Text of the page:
Officials at one of the island’s most prominent charities are undeterred by the prospect of greater oversight and surveillance from Government, announced last Friday by Attorney General, Dale Marshall.
In fact, longtime spokesperson for the local arm of the Salvation Army, Major Denzil Walcott revealed that the charity was much more concerned with a falloff in donations for the organisation’s Christmas appeal as demands for charitable services increase.
Major Walcott, who now serves as a volunteer consultant to the Salvation Army after many years as public relations officer, told Barbados TODAY that unlike some other charities, the Salvation Army spends no more than ten per cent of its revenue on operational costs. As such, he sees no reason why the organisation would have a problem complying with Government’s demands to disclose their sources of income as well as their regional and international links.
“It doesn’t bother the Salvation Army. We have very strict regulations within our organisation. We don’t spend any more than ten per cent of our money in paying salaries and we try as much as possible to give at least 50 per cent of what we raise to the immediate programmes that we are doing,” Walcott disclosed.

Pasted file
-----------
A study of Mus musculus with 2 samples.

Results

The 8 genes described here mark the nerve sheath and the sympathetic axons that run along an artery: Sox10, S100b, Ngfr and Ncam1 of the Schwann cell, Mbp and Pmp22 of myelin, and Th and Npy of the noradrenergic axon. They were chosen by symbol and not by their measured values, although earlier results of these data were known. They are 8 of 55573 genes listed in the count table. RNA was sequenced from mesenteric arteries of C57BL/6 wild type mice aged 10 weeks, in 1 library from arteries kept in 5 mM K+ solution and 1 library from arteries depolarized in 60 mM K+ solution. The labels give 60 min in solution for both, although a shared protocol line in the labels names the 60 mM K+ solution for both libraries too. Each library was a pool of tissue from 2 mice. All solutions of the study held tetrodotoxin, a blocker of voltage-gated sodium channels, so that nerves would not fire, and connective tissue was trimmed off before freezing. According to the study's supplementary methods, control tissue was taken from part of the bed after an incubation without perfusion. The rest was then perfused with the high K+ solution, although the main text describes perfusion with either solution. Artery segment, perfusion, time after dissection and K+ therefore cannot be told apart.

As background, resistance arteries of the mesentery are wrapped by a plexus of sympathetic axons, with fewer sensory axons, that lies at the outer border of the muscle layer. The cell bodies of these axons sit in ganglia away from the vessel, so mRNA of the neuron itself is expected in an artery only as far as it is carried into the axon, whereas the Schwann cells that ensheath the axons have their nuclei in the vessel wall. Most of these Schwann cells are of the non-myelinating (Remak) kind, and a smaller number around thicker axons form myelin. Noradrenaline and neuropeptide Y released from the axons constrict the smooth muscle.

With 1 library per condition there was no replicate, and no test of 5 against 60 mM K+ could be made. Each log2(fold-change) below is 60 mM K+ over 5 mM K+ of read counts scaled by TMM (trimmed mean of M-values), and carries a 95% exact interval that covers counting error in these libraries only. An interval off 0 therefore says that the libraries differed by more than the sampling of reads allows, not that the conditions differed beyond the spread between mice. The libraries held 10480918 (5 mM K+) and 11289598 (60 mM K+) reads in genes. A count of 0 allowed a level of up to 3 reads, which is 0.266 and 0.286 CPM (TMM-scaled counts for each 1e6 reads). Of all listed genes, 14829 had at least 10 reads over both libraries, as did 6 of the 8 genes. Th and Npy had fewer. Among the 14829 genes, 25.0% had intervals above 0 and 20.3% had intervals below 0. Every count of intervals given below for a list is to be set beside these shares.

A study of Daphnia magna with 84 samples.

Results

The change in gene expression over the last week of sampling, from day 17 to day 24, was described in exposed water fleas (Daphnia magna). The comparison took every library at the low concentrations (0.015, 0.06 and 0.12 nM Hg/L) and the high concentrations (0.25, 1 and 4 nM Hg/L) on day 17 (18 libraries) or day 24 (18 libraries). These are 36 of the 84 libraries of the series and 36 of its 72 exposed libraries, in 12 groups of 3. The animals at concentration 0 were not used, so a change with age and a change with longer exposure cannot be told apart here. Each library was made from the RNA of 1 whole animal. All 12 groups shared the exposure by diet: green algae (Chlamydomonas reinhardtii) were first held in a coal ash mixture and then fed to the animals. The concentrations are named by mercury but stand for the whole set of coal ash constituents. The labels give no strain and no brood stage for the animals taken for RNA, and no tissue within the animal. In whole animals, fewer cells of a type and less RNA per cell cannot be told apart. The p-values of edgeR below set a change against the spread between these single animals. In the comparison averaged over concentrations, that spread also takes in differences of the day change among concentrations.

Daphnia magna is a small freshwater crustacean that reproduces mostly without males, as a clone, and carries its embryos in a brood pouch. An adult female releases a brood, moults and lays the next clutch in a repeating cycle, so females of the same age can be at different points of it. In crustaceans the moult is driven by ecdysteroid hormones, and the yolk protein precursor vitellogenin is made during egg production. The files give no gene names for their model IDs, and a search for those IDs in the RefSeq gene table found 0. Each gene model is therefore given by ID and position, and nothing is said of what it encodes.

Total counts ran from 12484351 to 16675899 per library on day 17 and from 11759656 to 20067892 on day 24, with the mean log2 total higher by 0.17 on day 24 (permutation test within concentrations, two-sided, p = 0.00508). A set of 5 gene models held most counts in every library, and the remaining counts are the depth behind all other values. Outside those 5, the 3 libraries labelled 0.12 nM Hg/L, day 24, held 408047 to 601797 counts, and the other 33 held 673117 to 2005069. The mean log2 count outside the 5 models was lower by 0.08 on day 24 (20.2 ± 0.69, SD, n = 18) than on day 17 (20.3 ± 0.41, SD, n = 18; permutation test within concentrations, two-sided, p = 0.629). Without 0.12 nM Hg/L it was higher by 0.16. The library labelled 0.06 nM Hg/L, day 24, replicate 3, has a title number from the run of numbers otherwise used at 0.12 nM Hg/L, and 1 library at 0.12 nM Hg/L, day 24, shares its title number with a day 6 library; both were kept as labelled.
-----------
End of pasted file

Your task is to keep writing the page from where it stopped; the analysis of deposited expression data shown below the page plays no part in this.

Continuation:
“The rest of the money goes to our programmes for the next year and we try to do that as much as possible. We are not fearful of any restrictions being placed on organisations because we have our own restrictions already and we think that we will fall in line,” he said.
Describing charitable organisations as “high-risk vehicles for money laundering and financing terrorism”, Attorney General Dale Marshall declared that unless certain “basic minimum standards” are met, the country risks being blacklisted by international organisations or jeopardising critical correspondent banking links.
Meanwhile, the Salvation Army is pleading with locals to use a portion of their increased income from back payments, Christmas bonuses and even recent reverse tax credits from government to help offset the increased demand for charitable assistance.
So great is the need, Major Walcott disclosed the charity would be increasing its own vigilance to ensure proceeds go to those who need them most.
“Based on what I am hearing, there are a lot more people coming to us, but we can do so much and no more, so some people will be turned away, that is definite,” said Major Walcott.
“We are also doing assessments of people who we have suspicions about. We will go to their homes and do interviews with them to be sure they are really in need, because we would like to make sure we meet the needs of the neediest persons during this Christmas time.”
While expressing optimism that the organisation would “smash” its $7,000 collection target he added: “When we launched the Christmas appeal on November 8, the response was very good and then it tapered off. Things have started to pick up again and we are expecting now that the Christmas letters have been sent to people across Barbados, there will be a greater response. We also expect that after the 15th of December when people get their back pay, bonuses and all of that, it will improve a lot.”